Include Training in Your ERP Implementation Budget
Buying and implementing an Enterprise Resource Planning (ERP) system will not reduce costs, make better products faster, improve customer service (on-time completion), reduce inventory, or any of the other operational improvements that companies often rely on to justify the expense and disruption such a project entails.
An ERP solution (when appropriately implemented) will almost certainly improve visibility and control, support better decisions, and help keep the plant organized, efficient, and operating smoothly. It will enhance customer service by enabling better communications and supporting more reliable performance (meeting expectations and keeping promises), thereby generating the aforementioned improvements.
ERP Software is a Powerful Tool That Requires User Knowledge
An ERP system is just a tool, albeit a vital and powerful tool. An ERP system does not make a product or fulfill a customer order. It doesn’t even decide what to make or buy and when. It collects, organizes, and combines information and provides analysis and recommendations that users may choose to follow to get those satisfactory results. It is the users that drive the results. And they can only drive those results if they understand how the system works, what the recommendations mean and how to put them into effect, and how to feed and maintain the system to work correctly and provide good information.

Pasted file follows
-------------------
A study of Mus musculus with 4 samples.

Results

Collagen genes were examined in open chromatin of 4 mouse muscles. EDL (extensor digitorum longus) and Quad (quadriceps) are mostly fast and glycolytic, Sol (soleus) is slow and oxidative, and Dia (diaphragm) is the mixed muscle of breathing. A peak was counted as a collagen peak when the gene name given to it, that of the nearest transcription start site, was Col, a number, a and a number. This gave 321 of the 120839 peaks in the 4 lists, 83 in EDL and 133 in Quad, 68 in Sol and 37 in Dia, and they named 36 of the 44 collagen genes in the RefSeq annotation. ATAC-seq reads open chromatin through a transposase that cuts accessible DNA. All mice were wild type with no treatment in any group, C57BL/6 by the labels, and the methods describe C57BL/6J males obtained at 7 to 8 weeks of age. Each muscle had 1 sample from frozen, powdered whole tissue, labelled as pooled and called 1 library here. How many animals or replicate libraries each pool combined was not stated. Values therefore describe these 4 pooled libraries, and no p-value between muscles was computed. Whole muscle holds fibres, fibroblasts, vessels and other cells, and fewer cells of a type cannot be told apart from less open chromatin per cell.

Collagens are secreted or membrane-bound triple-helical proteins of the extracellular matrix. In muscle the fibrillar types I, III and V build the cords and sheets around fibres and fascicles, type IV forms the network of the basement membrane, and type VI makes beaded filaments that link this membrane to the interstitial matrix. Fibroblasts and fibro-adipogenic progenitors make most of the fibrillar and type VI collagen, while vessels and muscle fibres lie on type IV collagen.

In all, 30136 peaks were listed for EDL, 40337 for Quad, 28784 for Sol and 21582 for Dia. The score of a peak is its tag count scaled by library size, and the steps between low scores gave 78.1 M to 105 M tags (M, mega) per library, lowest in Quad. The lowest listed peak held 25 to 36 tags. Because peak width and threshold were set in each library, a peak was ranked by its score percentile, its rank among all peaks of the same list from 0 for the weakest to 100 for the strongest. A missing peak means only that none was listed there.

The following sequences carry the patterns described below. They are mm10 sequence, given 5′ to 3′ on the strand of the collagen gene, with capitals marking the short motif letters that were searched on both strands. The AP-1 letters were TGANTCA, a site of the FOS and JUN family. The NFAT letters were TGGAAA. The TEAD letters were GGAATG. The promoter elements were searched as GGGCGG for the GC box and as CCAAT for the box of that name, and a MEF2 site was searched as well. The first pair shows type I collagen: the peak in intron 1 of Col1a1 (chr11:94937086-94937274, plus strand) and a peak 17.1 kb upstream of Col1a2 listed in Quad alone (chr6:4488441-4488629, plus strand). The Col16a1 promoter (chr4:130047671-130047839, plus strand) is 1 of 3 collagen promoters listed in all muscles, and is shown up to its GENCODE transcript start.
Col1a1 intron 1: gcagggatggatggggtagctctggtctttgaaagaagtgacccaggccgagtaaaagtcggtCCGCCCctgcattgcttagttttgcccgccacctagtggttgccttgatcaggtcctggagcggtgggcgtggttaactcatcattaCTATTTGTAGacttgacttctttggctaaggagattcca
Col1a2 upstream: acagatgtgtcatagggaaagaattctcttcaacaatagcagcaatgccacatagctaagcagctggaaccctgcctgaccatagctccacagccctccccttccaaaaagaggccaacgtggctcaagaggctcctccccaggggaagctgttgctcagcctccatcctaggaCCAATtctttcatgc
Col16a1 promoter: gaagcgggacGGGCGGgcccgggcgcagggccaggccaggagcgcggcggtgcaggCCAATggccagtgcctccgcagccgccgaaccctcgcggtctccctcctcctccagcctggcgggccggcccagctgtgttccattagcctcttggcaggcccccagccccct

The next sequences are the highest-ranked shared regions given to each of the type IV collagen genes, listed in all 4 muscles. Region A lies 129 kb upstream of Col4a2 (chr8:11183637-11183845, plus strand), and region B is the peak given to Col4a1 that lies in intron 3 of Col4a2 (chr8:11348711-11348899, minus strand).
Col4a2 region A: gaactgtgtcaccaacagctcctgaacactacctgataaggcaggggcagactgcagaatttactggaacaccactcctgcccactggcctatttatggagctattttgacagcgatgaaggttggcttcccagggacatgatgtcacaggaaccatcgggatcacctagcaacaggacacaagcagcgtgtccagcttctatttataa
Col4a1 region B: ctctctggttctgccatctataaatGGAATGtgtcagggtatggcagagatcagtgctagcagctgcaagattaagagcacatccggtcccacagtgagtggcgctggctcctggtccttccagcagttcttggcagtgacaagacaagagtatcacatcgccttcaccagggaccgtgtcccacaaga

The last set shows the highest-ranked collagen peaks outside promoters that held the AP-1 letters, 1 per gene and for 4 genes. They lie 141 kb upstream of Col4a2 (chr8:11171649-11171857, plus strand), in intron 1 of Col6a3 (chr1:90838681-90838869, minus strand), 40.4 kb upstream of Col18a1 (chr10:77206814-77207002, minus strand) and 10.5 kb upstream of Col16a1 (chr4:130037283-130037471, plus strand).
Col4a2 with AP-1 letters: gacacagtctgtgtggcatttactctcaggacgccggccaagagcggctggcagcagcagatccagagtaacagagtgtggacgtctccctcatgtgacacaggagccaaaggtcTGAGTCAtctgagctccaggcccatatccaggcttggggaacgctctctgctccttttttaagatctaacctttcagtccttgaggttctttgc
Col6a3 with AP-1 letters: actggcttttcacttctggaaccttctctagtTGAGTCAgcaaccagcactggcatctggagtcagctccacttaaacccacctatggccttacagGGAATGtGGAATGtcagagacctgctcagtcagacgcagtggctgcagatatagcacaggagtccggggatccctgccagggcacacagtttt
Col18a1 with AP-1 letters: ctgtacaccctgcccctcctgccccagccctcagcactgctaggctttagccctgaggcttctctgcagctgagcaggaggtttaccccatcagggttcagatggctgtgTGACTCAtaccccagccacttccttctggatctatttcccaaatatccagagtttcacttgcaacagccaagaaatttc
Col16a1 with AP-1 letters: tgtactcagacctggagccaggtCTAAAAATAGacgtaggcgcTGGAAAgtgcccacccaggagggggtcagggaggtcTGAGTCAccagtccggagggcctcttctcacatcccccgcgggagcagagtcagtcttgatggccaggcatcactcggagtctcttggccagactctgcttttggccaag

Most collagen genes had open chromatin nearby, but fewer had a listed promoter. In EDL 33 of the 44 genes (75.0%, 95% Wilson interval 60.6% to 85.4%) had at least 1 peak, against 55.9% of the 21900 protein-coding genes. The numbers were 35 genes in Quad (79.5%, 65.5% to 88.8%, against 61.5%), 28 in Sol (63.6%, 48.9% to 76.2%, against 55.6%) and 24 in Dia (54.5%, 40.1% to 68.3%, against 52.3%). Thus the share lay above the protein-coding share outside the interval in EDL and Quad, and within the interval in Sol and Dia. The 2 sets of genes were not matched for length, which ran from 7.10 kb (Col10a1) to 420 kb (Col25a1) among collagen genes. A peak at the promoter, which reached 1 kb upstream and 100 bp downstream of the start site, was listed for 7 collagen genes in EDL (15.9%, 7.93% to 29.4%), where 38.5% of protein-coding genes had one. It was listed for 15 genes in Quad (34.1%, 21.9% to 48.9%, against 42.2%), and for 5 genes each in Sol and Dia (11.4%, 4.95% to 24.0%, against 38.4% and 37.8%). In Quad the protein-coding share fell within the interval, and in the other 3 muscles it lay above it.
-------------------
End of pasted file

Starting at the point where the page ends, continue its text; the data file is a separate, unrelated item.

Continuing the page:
ERP System Users are the Key to ERP Implementation Success
Most companies factor in the need and budget that a modest amount of training and education requires when purchasing an ERP system. There are several problems, however:
A “modest amount” is almost always too little.
Many companies assume that the system-specific training included by the vendor with the system purchase is all they need. This is seldom true. Also, vendors tend to scrimp on the training line item when trying to bring the total package price down in order to make the deal.
Vendor training is typically focused on the specific functions and procedures that their system handles. That’s fine and necessary. But users also need a more universal understanding of what the ERP software does and how it works. Robots who simply follow the step-by-step procedures won’t do the job. Informed users that know where the recommendations come from so they can make informed decisions about whether and how to implement those recommendations are critical.
For example, would buying a new state-of-the-art multi-axis CNC machine and expecting the operator, even an experienced machinist, to know how to get the most out of the equipment just by reading the operating manual be a wise decision? Of course not.
ERP solutions address the entire business and apply more sophisticated programming logic than any machine control system. General education in how ERP software works should be included in all implementation education plans – even if the primary users are already knowledgeable about ERP. They might not know about the newer refinements and extensions that are included in the new system or in the plan for future system growth.